Year-End Reflections on A Greater Madison Vision
The beginning of the new year is a good time to reflect on how our experiences with the A Greater Madison Vision initiative has influenced the agency’s work in 2019 and will continue to shape this year.
In 2019, we explored and shared the results of the A Greater Madison Vision survey. These results both reinforced and shaped our work at the Regional Planning Commission.
As we delved into the more than 9,000 completed surveys, a clear picture came into focus of public priorities for the region. By wide margins and across geographic and demographic groups people want to see the region reduce and adapt to climate change and improve access to opportunities for all. People further selected multi-modal transportation system including robust regional transit, and greater housing choices including more affordable housing as key to a healthy vibrant future. We shared these results with hundreds of leaders through presentations and media outreach to government and private sector groups as well as the general public.
Public priorities from the survey reinforced the importance of our work. We continued our regional flood resilience planning initiative by beginning a partnership with Wisconsin Emergency Management, local communities and partner organizations in the Black Earth Creek watershed to build support for and seek federal funding to conduct a watershed-wide green infrastructure plan. We also evaluated the potential to increase flood resilience by identifying possible wetland restoration sites in the region.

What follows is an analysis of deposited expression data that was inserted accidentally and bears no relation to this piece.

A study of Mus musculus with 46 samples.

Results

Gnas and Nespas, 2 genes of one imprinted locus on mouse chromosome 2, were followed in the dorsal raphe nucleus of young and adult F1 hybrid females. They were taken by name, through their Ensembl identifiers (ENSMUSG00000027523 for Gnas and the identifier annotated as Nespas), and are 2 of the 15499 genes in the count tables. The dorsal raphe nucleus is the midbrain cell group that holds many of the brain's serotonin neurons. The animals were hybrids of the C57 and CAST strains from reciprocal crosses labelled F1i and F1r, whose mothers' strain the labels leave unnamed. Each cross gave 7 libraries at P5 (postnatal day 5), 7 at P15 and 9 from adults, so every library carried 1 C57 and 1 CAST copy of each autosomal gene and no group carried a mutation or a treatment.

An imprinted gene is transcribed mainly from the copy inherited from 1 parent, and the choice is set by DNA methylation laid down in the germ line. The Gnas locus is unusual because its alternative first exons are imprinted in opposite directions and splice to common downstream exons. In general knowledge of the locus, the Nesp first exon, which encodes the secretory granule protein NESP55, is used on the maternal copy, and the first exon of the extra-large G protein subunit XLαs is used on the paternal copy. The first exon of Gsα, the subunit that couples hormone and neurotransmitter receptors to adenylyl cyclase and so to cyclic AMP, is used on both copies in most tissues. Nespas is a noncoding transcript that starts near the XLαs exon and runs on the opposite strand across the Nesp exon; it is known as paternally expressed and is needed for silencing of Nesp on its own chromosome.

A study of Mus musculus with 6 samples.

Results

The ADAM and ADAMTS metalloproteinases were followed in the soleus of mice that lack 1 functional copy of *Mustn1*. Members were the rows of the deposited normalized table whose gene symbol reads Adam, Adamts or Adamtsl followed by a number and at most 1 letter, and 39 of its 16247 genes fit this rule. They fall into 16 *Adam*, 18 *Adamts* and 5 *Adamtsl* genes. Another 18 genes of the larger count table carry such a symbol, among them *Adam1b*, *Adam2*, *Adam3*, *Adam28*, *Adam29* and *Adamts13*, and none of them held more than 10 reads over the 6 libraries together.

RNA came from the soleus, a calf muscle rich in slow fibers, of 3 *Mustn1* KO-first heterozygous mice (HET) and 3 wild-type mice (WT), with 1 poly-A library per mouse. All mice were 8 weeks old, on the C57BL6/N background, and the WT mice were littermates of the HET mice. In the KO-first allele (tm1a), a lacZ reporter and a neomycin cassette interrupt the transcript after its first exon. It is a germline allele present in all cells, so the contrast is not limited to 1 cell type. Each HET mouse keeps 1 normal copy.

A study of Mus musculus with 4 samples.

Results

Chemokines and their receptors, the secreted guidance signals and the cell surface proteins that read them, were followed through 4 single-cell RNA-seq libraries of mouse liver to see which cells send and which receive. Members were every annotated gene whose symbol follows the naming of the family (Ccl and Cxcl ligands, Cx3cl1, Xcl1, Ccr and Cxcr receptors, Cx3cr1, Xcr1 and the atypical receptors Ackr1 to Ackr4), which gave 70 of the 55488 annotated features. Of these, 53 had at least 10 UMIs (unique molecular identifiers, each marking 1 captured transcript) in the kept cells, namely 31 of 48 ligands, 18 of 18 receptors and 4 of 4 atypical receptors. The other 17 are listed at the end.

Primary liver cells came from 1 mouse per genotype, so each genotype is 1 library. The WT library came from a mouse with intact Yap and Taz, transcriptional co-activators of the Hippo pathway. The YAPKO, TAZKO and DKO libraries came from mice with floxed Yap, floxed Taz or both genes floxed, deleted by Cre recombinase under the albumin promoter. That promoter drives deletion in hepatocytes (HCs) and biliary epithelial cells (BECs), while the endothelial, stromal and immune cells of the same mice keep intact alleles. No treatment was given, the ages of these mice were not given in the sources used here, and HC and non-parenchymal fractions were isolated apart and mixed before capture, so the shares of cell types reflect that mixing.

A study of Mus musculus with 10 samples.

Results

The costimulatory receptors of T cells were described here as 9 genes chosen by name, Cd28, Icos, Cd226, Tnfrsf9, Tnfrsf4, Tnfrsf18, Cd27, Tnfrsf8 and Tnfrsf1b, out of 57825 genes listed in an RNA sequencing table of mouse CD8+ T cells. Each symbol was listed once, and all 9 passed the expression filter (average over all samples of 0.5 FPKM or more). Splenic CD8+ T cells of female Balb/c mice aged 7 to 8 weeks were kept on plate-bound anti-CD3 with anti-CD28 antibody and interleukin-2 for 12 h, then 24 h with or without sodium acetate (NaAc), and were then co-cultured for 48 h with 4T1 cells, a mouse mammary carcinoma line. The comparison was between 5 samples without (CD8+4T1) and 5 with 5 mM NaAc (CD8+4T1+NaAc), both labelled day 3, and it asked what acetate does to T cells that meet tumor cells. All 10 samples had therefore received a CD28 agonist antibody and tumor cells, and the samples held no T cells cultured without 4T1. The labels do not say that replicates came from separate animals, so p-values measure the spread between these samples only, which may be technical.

The CARPC Commission also used survey priorities to develop draft goals and objectives that provide focus and purpose for preparing a new Regional Development Plan. The Regional Development Plan will serve as a guide for how the region grows. The three draft goals for the new plan are to promote regional development that:
- Fosters community resilience to climate change
- Increases access to jobs, housing and services for all people
- Conserves farmland, water resources, and natural areas
CARPC surveyed local government officials about the goals and their related objectives. The response from approximately 150 officials was strongly supportive of these goals.
Amid all this, we moved our office from the City-County Building in order to co-locate with staff of the Madison Area Transportation Planning Board (a.k.a. the Metropolitan Planning Organization, or MPO) at 100 State Street. The co-location will help both organizations to better integrate regional land use and transportation planning in support of public priorities for a multi-modal transportation system that includes robust regional transit.
To sum up, through A Greater Madison Vision we learned what’s important to the public and leaders and continued our work towards achieving those shared regional goals through planning. In 2020, we look forward to continuing to advance these regional priorities. To learn more, see our 2020 Work Program.